In the future, your best friend might be a robot. It will move and talk like a human. It will have social intelligence, empathy and perhaps even a personality. Casper Bonn Beenfeld Andersen works with the technology that will make all this happen.
There’s nothing new about his fascination with robots. It has been there for as long as Casper can remember back into his childhood. In his Christmas presents, in the books he read, and in the films he saw.
"I was definitely one of those people who always has to take things apart and then put them back together again. Computer engineering was magical for me, and even as a child I could see how it was going to change the world. I became good at programming languages before many others even knew what they were."
Casper belongs to the first generation of digital natives, and he took his early interest in technology and its influence in society all the way through his schooling and on to university.
Casper is the first in his entire family history to go to university.
His mother and father are not what you could call educational snobs. For them, what’s most important is that their children feel good about what they are doing, no matter whether it is unskilled work or research.
After his higher technical exam, Casper went to Aarhus to study nanoscience, but after some time on the programme, he decided that he would rather be an engineer.
"I wanted a better balance between theory and practice. I find it easy to acquire new knowledge, but I’m much happier if I can also apply that knowledge and work on projects. So when I landed on the engineering programme, it was like coming home."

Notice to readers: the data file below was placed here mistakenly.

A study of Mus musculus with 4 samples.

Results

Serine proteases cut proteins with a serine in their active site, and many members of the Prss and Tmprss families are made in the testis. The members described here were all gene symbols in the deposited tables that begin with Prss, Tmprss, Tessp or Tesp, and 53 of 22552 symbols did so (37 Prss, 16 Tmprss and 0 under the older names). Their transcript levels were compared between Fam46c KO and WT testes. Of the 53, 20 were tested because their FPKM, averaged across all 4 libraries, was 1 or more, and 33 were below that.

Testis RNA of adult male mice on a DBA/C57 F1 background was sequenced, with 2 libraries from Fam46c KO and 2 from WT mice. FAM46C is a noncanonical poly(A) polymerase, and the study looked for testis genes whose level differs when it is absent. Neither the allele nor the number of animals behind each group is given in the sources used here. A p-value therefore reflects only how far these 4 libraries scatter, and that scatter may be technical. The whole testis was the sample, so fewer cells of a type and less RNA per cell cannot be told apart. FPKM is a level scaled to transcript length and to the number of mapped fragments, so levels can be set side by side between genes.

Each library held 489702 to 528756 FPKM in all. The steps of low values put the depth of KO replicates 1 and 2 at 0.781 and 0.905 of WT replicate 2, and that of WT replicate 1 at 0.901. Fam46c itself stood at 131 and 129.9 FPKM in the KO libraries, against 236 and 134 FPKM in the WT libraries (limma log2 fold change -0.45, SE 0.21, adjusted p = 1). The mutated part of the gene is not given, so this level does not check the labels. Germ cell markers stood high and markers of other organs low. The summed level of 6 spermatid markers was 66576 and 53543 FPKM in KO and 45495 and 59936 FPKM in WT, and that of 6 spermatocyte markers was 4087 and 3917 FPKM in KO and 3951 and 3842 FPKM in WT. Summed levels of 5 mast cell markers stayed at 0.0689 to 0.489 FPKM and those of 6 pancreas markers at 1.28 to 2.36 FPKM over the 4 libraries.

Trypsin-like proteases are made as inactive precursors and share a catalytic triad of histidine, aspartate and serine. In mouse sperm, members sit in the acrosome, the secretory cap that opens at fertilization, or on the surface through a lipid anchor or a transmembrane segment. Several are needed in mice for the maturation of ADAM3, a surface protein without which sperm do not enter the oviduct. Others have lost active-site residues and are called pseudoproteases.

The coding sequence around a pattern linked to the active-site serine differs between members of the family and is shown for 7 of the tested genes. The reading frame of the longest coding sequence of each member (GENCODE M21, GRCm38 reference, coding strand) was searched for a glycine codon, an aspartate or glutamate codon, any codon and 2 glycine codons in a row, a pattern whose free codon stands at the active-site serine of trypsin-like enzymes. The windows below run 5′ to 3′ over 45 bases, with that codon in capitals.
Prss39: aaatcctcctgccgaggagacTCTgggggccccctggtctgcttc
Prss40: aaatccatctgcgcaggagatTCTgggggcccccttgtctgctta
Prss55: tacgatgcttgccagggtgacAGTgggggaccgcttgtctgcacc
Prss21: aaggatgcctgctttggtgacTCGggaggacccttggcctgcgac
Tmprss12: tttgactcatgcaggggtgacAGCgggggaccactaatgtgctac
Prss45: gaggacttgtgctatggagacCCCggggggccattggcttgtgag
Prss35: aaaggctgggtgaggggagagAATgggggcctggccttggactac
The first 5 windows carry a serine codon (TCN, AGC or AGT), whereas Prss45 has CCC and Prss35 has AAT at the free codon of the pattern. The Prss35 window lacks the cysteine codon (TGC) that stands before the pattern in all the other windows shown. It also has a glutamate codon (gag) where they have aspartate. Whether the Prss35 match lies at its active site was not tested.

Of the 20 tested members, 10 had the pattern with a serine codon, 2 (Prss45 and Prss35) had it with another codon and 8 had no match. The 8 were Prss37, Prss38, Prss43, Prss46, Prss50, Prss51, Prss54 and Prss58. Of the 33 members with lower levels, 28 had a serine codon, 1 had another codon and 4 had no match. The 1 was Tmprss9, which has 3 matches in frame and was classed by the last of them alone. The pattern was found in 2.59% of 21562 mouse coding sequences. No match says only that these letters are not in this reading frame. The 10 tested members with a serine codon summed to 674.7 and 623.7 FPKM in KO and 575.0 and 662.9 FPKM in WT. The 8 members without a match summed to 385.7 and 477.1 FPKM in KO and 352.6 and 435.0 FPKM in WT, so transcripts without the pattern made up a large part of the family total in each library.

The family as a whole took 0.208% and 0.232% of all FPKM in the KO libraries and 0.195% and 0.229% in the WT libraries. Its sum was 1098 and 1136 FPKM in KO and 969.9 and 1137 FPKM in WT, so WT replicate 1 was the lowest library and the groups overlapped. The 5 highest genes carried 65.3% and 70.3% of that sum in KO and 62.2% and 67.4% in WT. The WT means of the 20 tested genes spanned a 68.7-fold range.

Now Casper can get his hands on everything that was once science fiction to him. He is studying for an MSc in Engineering in computer technology at Aarhus University, and currently he is writing his MSc thesis for a research group working on social robots.
The research is interdisciplinary and is taking place at the interface between psychology, anthropology, philosophy and engineering, and the goal is to develop a new form of artificial intelligence that can give robots a sense of social context.
Casper's job is to design the software and algorithms to control where the robot looks when it is talking to others. And this requires advanced programming that only very few people can deal with.
In the longer term, his work will become facial expressions that can automatically adapt to different social contexts.
"Think about how much eye movement means when we communicate and express feelings. It’s one of the most important aspects to get right if we want robots to behave more human-like."
What’s it like to be an IT engineer on a project that raises the big philosophical, ethical and psychological questions?
Casper replies that it makes him a better engineer.
He sits in his laboratory on his final semester and reflects on what he will be taking with him from his time at university. Top of the list is interdisciplinarity.
"It's something I've been thinking about over the past couple of years. An interdisciplinary approach is the key to finding the coolest technological solutions to all sorts of issues, and very often it’s also a necessity in order to understand the impact of technology on society."